Member Focus: Tony Walsh (ZMP)
Thursday, February 14, 2013


Tony Walsh (left) pictured with Senator Al Franken, D-Minn.

Air traffic control career:
1990, Army National Guard. 1997, hired by the FAA. Worked at New York Center (ZNY), his first facility, until 2002. Resigned from the Agency and went back to Minnesota. Got reinstated at Minneapolis Center (ZMP) in 2005, where he currently works as an air traffic controller.

Born and raised, other places of living:
Anoka, Minn. Also lived in New York.

Q: How did you become a NATCA member?

A: At my first facility, I joined right away as it was on the East Coast and it has a high percentage of membership there. My father was also a Union Operating Engineer Local 49er, so I knew what being a union member meant. Once I got to ZMP I joined right away.

Q: How did you get involved and what are you involved in with NATCA?


A: When I first started at ZMP, I went to NATCA in Washington. I was really into politics, so I thought this was a good opportunity to get involved. I didn't do much as far as local involvement at New York. But I got hooked when I came to ZMP and first became a legislative rep. Then I helped with Reloaded for short period of time. And now I'm the vice president for the center.


Q: What made you decide to take on leadership roles within NATCA?


A: Just going out to national events such as NATCA in Washington. It's there that you realize how many people are working behind the scenes. I think one of the perspectives from a local standpoint is if you don't attend anything nationally, you don't realize how many people are involved. There are so many members and people working hard for NATCA.  Since moving on from the legislative rep job I’ve moved over to the labor relations side. I just recently was added to the labor relations team in the Great Lakes Region.

Q: What can you tell people about labor relations if they're interested?


A: First thing I'd say if it's something that interests you, don't hesitate to get involved. NATCA does a great job at educating and training. There's no reason you should not do something you're passionate about. For the new membership, we need to continue to have individuals gaining experience and involvement, and the only way to do that is to get in these positions and do the job.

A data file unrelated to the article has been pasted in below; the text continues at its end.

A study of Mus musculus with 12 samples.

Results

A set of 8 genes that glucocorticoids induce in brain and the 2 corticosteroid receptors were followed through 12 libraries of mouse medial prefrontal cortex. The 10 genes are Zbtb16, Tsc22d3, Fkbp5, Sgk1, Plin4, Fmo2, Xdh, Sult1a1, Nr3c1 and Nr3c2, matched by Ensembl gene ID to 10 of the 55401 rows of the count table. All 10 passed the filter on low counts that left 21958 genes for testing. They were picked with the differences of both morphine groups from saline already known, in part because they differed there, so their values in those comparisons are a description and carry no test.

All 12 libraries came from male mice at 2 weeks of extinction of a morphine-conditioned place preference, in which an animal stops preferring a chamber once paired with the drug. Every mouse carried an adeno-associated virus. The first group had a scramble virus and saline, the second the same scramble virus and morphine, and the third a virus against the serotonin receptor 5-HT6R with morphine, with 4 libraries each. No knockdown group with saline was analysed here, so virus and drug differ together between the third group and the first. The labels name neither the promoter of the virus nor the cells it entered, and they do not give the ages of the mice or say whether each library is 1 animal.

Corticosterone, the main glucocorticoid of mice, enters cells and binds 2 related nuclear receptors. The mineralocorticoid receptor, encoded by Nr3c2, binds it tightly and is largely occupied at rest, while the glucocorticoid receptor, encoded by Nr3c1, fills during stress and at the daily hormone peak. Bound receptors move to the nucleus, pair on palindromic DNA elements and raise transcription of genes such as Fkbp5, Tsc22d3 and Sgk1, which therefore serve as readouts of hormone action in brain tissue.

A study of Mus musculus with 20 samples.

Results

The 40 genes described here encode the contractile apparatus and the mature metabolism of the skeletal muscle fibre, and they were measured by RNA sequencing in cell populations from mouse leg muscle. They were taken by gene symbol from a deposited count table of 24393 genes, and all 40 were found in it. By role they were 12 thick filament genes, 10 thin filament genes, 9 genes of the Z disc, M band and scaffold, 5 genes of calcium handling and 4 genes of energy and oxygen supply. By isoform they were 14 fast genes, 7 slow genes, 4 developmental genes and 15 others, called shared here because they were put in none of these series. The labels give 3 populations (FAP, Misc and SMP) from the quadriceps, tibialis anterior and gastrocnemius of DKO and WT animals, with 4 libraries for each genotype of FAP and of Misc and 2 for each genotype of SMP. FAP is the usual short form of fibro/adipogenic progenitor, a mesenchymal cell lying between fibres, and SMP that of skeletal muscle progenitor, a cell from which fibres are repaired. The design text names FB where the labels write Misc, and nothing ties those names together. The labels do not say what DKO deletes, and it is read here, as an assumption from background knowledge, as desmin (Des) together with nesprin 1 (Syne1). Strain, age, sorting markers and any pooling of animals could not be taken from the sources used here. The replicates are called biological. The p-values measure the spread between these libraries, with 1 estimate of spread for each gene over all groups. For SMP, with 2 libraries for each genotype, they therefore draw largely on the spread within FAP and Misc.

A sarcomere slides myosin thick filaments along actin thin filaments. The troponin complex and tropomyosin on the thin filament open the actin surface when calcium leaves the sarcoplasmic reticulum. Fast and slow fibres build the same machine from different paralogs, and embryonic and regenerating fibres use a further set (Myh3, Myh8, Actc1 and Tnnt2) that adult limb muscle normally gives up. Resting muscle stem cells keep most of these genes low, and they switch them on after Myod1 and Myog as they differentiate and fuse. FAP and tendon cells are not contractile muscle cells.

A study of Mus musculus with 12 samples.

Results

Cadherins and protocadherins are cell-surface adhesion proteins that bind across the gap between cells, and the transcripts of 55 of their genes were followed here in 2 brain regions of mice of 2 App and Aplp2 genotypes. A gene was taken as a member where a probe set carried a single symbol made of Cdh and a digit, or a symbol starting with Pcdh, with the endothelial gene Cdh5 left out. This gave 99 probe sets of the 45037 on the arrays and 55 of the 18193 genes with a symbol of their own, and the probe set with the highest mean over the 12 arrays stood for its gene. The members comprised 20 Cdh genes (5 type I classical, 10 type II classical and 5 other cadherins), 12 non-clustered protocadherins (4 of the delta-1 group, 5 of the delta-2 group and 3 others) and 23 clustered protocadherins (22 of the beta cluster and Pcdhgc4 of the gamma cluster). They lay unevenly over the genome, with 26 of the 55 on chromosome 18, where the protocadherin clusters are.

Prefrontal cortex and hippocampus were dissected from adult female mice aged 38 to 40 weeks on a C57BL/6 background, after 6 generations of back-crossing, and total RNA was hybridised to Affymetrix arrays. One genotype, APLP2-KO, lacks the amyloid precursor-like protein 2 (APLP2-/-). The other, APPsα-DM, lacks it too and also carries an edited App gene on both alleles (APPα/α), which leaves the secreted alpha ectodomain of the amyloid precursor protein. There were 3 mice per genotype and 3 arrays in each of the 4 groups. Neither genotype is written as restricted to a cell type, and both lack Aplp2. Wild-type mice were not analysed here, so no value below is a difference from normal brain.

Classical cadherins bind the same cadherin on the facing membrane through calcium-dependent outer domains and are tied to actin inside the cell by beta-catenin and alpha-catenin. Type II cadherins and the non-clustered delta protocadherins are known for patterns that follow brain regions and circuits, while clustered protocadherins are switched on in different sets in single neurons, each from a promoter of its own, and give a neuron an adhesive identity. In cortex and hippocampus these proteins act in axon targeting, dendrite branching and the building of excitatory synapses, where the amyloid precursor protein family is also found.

Q. What can you tell others about what you do as vice president of a facility
?

A. Locally, I take some of the things off the FacRep's plate so that he has more time to work one-on-one with members. That way if an individual has an issue, he or she is able to speak personally with the FacRep. So it's a lot of busy work such as LR stuff, grievances, negotiating, etc.

Q: What can you tell me about next year's Biennial Convention since it will be held in Minneapolis?


A: Minneapolis is a great city. We have great entertainment such as professional sports teams and a theater district. The fall is beautiful with all the changing leaves. We have several lakes in the city, yet you're in a very urban environment. So you can enjoy the entertainment the city has to offer but also still have access to the outdoors. Minneapolis is also an ideal spot for this event because we are centrally located to everyone as far as travel goes.

Q: Do you have any hobbies or any other activities you enjoy outside of NATCA?


A: I like to hunt and fish. I also have four kids that keep me pretty busy. One of my girls has really gotten into lacrosse. It's of course huge on the East Coast, but it's becoming bigger in the Midwest.

Q: Has there been a favorite moment for you while at NATCA?


A: When I was in NATCA in Washington, Congressman Alcee L. Hastings, D-Fla., gave a speech and was just super fired up about NATCA and its controllers. It was amazing to me that a member of Congress can get that enthusiastic about aviation and air traffic control.


Q: Do you have any advice/tips/messages for members who would like to get involved?


A: Best piece of advice that I try to give to newer members is don't be intimidated. When I first got here the ZMP FacRep had been in his position for quite a few years. I thought “I can't offer this guy anything, he's knows so much more than me. “But that's not true; you might be able to offer so much if you just try it. Don't be intimidated to ask a question or jump in to say, “I have skills and insight I can offer." We're all controllers at heart, and we all have something to offer.